Photo by Behrooz Nobakht / CC BY-NC-ND 2.0

If there’s anything we learn above all else in our years at an Ivy League University that is consistently on the brink of existential crisis because its name sounds more similar to the name of a state school than to HYP, it’s that winning isn’t everything. Think about it: For some to win, others need to lose. We cannot succeed without others failing. We cannot live in a world where everyone wins all the time, and fortunately, I don’t want that. At all. I have a lot of enemies, and I want them all to fail.

Besides, failing builds character! I mean, I’d personally rather have my character be a winner, but there are lots of different characters to choose from. No one would want to watch a show where everyone's a winner (except, I guess, The West Wing, but that show is basically just a liberal wet dream). In fifty years, when my enemies look back on their lives, I want them to find peace knowing that they failed spectacularly, learned from it, and never crossed me again for as long as they lived. I’m not sure how they’d draw the connection between me and their failure other than the fact that I was vociferously rooting for it, but when I imagine the scenario while I’m jacking off (in between episodes of The West Wing), they definitely know I had something to do with it.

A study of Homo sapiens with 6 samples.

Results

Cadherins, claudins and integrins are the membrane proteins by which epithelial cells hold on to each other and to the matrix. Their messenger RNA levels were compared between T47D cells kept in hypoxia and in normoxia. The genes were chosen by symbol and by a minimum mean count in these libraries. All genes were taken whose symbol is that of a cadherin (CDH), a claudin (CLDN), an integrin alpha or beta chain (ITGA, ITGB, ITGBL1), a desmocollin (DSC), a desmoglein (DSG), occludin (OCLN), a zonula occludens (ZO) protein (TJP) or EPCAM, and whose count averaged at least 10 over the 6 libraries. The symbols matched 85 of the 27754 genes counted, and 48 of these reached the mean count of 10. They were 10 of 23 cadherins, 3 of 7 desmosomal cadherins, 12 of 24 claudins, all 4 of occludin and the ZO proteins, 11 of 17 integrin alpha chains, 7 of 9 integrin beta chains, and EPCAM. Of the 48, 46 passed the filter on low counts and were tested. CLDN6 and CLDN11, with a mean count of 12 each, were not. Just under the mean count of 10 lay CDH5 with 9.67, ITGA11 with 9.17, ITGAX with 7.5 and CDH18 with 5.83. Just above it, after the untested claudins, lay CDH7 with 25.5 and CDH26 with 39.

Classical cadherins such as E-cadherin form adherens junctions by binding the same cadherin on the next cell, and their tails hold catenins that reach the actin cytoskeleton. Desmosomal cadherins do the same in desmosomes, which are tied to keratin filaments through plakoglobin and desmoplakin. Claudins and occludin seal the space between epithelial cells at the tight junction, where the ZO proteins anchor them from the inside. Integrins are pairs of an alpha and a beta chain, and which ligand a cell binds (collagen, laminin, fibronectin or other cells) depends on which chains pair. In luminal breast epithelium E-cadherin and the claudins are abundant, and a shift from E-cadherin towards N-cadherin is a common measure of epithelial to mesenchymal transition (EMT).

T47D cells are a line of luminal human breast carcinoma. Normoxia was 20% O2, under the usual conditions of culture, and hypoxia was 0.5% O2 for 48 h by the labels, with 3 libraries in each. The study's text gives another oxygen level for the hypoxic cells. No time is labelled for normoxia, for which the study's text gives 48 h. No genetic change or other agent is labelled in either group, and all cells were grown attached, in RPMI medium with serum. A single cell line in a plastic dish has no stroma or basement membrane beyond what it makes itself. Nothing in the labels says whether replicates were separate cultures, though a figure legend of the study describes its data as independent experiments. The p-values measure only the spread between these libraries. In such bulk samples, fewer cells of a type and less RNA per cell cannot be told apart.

In short, it is important to experience failure in order to be a well-rounded, empathetic member of society. Although the body of my argument may not necessarily point to this conclusion, this is the point that I am making. Failure is important. Everyone should experience staggering, humiliating failure, but my enemies should experience it most of all. And also, I should experience it never.